Maria Montessori was an individual who had a passion for world peace and she very strongly advocated for a movement toward peace during her time. Her desire was to create a place that was inviting to diversity of different cultures. Montessori not only shows children to value cultural differences but it instills acceptance and respect in children. Our Montessori Classroom is constantly showing diversity and aiding children to connect to the world through geographical lessons and activities. The children receive an opportunity to learn cultural basics of other countries and it helps them to respect others traditions through knowledge.
In light of this, AMS not only encourages children to be aware of a need for a social equality movement but to become aware of past struggles, in a way they can understand. We invite families to share Juneteenth with their children:
- What is Juneteenth? You may have heard Juneteenth referred as Freedom Day, but what is it exactly? It is a national commemoration of the ending of slavery in the United States. Union soldiers arrived on June 19th, 1865, at Galveston, Texas with news that the slaves were free due to the war ending.
- Prior to June 19th, there was the movement for the abolishment of slavery such as the Emancipation Proclamation, which officially began January 1st, 1863. However, it had almost no impact on Texas due to Union troops not enforcing the Executive Order until two years later on June 19th, 1865.
- How can you celebrate Juneteenth today with your children? It used to be that Juneteenth was celebrated by Black Americans only but today it is becoming more widely celebrated due to the desire for social change. On this day, many gather together to honor Black Americans, we share stories of what Black Americans went through in history and some even hold religious services on this day to pay respect.
Books for our younger friends to read:
All Different Now: Juneteenth, the First Day of Freedom
By Angela Johnson
By Valerie Wesley
By Carole Boston Weatherford
Juneteenth for Mazie
By Floyd Cooper
What are we doing in AMS to begin a social change for equality and acceptance for all? Here in AMS cultural diversity is so important, we desire to instill a love for acceptance in children, no matter what their cultural background is. We hold our Cultural Parade where we invite both children and parents to represent where they come from, we also invite them to bring in a family dish to share with others. This is our celebration to celebrate our differences and show children not only tolerance of different cultural backgrounds but acceptance for them. We must be the change we desire to see in the future and we can begin by helping our children understand acceptance of others at home.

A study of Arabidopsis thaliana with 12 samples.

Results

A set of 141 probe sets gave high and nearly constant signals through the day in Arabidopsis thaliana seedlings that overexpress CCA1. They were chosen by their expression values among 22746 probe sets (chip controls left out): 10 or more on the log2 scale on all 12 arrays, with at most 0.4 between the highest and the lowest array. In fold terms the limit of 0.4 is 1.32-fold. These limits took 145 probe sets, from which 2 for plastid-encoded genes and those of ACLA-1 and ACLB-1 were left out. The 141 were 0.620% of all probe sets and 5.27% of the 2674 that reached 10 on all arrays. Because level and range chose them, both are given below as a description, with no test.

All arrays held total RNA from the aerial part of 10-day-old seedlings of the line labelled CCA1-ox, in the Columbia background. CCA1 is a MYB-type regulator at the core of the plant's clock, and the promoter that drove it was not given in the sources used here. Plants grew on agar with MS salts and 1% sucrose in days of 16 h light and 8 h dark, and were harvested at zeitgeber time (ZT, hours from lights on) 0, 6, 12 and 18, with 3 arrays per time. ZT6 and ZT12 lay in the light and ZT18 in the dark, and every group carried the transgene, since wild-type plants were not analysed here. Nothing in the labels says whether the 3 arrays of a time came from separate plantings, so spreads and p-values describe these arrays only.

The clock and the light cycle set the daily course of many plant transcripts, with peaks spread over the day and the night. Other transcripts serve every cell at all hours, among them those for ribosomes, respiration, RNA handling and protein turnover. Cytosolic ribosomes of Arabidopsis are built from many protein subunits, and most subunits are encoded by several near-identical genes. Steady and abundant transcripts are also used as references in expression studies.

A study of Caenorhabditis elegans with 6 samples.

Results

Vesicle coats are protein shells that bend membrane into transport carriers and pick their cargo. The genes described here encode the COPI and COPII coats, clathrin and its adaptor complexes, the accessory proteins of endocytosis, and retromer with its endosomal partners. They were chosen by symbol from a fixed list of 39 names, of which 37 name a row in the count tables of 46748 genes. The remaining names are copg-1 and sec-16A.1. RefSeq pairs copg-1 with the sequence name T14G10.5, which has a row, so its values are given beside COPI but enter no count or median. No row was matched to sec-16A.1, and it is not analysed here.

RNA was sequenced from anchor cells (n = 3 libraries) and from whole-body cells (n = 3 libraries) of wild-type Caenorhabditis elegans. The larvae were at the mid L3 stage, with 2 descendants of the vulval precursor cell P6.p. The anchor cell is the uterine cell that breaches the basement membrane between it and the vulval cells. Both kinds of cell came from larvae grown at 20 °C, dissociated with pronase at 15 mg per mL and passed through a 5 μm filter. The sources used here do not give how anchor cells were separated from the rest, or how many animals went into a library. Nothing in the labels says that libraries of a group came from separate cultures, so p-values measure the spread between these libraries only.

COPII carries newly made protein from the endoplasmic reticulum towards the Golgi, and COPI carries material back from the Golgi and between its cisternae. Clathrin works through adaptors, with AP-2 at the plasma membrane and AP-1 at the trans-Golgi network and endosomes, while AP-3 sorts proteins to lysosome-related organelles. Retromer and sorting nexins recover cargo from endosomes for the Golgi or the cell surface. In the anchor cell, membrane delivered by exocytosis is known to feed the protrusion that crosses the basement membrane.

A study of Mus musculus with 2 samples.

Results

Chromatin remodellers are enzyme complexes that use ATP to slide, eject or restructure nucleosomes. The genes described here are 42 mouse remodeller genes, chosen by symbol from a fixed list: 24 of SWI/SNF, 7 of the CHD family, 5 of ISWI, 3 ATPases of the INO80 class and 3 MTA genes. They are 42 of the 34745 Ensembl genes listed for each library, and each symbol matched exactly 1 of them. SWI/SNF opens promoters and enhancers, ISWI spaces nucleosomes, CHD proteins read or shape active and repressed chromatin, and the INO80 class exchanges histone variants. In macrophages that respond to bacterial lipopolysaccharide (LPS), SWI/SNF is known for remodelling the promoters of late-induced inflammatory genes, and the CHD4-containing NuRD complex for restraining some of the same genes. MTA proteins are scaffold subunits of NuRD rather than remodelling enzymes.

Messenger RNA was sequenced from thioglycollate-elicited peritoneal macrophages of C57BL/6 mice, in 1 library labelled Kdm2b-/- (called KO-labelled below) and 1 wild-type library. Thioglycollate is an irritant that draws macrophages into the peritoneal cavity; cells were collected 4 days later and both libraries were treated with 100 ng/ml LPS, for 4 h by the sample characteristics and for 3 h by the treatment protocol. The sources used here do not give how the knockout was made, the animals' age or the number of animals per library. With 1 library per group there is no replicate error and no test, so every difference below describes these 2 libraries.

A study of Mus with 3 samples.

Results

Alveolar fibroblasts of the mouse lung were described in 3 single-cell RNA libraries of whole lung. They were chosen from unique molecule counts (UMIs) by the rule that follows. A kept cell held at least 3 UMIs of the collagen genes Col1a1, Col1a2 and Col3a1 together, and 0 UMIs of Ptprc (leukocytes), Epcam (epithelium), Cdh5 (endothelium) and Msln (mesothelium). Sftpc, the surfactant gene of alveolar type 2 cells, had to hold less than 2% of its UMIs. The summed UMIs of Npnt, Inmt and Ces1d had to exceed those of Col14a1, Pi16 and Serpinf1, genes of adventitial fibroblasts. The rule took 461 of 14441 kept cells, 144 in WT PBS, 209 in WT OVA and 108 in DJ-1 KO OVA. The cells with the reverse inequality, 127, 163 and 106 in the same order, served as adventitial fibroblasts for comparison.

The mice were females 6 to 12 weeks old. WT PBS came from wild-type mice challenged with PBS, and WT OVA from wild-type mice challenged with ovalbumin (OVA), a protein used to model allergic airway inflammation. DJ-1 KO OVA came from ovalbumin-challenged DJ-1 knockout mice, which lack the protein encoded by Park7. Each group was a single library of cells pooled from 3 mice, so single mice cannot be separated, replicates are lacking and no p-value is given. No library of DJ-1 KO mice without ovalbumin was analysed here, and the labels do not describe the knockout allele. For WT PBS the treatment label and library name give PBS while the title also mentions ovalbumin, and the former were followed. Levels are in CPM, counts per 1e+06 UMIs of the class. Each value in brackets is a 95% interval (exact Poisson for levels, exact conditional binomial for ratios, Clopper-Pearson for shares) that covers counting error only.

Here are some other ways to make Juneteenth more meaningful for your family.
1. Make toys, books and activities representative
Listen to and learn about systemic racism. It is hard to explain this to a toddler or a preschooler but educating ourselves as parents can sensitize us.
If you find that there is not enough representation of dark skin colors and diversity in your child’s toy box, that would be a great place to start!
2. Resources to talk to your children about Juneteenth
It can be difficult to talk to your child about Juneteenth if you do not want to talk about slavery. There is a TED Talk by Beverly Daniel Tatum titled “Is My Skin Brown Because I Drank Chocolate Milk?” The TED talk is all about how she explained skin color to her son. Do listen towards the end about how she explains slavery to her four-year-old-son. It is simple, straightforward and explains the current situation beautifully.
We also loved this simple and clear video on systemic racism. It impacts everything from loans, education, criminal justice and power structures.
Even a simple act such as coloring a flag is a powerful way to reinforce a sense of community. We always color and identify our national flags but the Juneteenth flag is very much part of our history and collective identity. Here is a Juneteenth flag printable you can use.
3. Visit a museum virtually
Juneteenth is the country’s second independence day and The National Museum of African American History and Culture has a comprehensive video tour of the legacy of Juneteenth. It is a community space where that gives a voice to histories that have been marginalized.
4. Be an ally
Support businesses and organizations that are owned by African Americans. Donations aside, being a patron of a business run by an African American is a great way to show that you are an ally. Listen to the community and its voices.
We love this advice from Dr. Dana E. Crawford, a clinical psychologist who works with children. She says, “The best way for parents to teach a celebration of difference is to live a life that celebrates difference. Teaching about racism is a bit of a tall order for little ones that haven’t learned how to keep their beds dry at night. Therefore, the focus should be on helping infants and toddlers develop a brain that views differences in skin color as normative. Infants and toddlers learn from watching and repetition.”
Change starts at home. We all have immense capacity for empathy, love and compassion.
Sometimes, it becomes important to check our own bias and find our own representation and strength to be good allies to the Black community. We leave you with this picture from @ohhappydani on Instagram who explains how it all starts at home.